12/15/2017 - 12:53 PM US EDST Please note: as a result of the decision by
mercio, Math_QED, user8795, HK Lee, kjetil, and b halvorsen to put the question on hold because it is unclear to them, I have added a further clarification which should address their concern. I hope it does, and I want to thank them for their help in making sure that this question is as clear as possible.
12/14/2017 - 11:54 US EDST - Please note: as a result of previous discussion with @Joppy in comments, I have completely reworded this question - I think the question is much clearer this way.
In standard group-theory, the inverse operation is always defined in terms of just one bijection, so far as I know (and I am the first to admit that I don't know very much!).
Is there a "probabilistic" flavor of group-theory in which the inverse operation is defined in terms of an EQUIVALENCE CLASS of bijections from which one bijection must be chosen at random?
Here is an alternative way to ask the same question, which may be clearer.
I'm asking if there exists anything like a non-standard probabilistic version of standard group-theory in which:
1) the bijection which establishes a group's inverse can be selected from a set of equally acceptable alternative bijections which are part of the definition of the group;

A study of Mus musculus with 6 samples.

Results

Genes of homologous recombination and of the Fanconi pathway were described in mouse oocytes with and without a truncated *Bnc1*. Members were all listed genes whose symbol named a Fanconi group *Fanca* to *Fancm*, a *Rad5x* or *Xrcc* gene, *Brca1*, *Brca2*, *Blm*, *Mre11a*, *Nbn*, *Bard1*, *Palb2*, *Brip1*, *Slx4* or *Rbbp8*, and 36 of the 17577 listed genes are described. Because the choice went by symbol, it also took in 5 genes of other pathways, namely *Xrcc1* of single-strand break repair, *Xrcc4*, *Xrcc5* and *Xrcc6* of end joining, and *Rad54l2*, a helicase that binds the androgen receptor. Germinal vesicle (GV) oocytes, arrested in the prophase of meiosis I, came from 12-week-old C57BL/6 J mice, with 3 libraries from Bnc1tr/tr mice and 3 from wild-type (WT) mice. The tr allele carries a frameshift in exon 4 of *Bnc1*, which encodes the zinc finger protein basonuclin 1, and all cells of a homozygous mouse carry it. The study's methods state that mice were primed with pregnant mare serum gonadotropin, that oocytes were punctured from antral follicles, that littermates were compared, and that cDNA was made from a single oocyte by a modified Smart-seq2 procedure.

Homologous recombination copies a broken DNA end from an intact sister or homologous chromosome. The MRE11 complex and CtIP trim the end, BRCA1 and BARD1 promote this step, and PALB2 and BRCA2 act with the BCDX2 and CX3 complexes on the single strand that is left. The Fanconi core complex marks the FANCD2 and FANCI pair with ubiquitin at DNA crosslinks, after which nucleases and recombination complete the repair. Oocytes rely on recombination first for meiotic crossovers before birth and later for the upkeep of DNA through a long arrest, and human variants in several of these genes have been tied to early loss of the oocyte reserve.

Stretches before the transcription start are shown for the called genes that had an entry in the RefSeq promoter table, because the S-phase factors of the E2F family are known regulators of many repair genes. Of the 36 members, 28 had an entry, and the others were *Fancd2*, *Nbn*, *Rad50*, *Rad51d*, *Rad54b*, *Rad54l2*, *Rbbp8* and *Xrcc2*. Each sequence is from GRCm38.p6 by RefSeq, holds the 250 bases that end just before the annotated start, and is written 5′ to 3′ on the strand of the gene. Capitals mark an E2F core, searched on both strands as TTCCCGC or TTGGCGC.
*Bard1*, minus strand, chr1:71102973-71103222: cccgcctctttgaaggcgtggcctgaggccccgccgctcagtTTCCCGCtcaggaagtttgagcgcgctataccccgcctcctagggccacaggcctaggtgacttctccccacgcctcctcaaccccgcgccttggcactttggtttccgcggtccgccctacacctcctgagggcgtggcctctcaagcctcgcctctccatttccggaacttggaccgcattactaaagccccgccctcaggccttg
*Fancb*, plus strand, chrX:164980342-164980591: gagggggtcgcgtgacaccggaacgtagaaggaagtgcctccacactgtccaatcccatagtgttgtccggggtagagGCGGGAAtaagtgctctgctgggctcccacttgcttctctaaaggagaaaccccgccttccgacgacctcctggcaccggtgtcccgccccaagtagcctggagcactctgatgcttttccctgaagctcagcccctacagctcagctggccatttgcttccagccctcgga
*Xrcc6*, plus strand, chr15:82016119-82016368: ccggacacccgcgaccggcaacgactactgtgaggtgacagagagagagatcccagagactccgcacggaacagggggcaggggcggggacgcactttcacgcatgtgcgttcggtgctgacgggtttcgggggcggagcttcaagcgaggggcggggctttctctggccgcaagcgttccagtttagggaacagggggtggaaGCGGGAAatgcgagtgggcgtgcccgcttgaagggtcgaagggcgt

2) the definition of the group also includes an instruction for how to choose the operative bijection when instantiating a copy of the group.
With respect to (2), there might be two different kinds of instructions - one kind for a single "one-off" construction of the group, and one kind for repeated constructions of the group such as might occur during a Monte Carlo run or other type of experiment.
For "one-off" constructions of the group, the instruction would simply be:
2)a. "randomly choose one of the alternative bijections provided in the definition of the group".
For repeated constructions of the group, the instruction would be something like the following for a case in which the definition of the group specified four different alternative bijections $B_1$, $B_2$, $B_3$, $B_4$.
2b). "for repeated constructions of the group 8k times, use the four alternative bijections $B_1$, $B_2$, $B_3$, $B_4$ in the ratios 1:3:3:1 respectively."
I hope the above makes my question clearer.
Edited 12/14/2017 07:19 US EDST to add:
Actually, in the case I'm looking at, there would be an "(super)class of equivalence classes", because there would be different equivalence classes for different subsets of the entire set. But the (super)class would not itself be an equivalence class, except indirectly by virtue of the equivalence classes which it contains.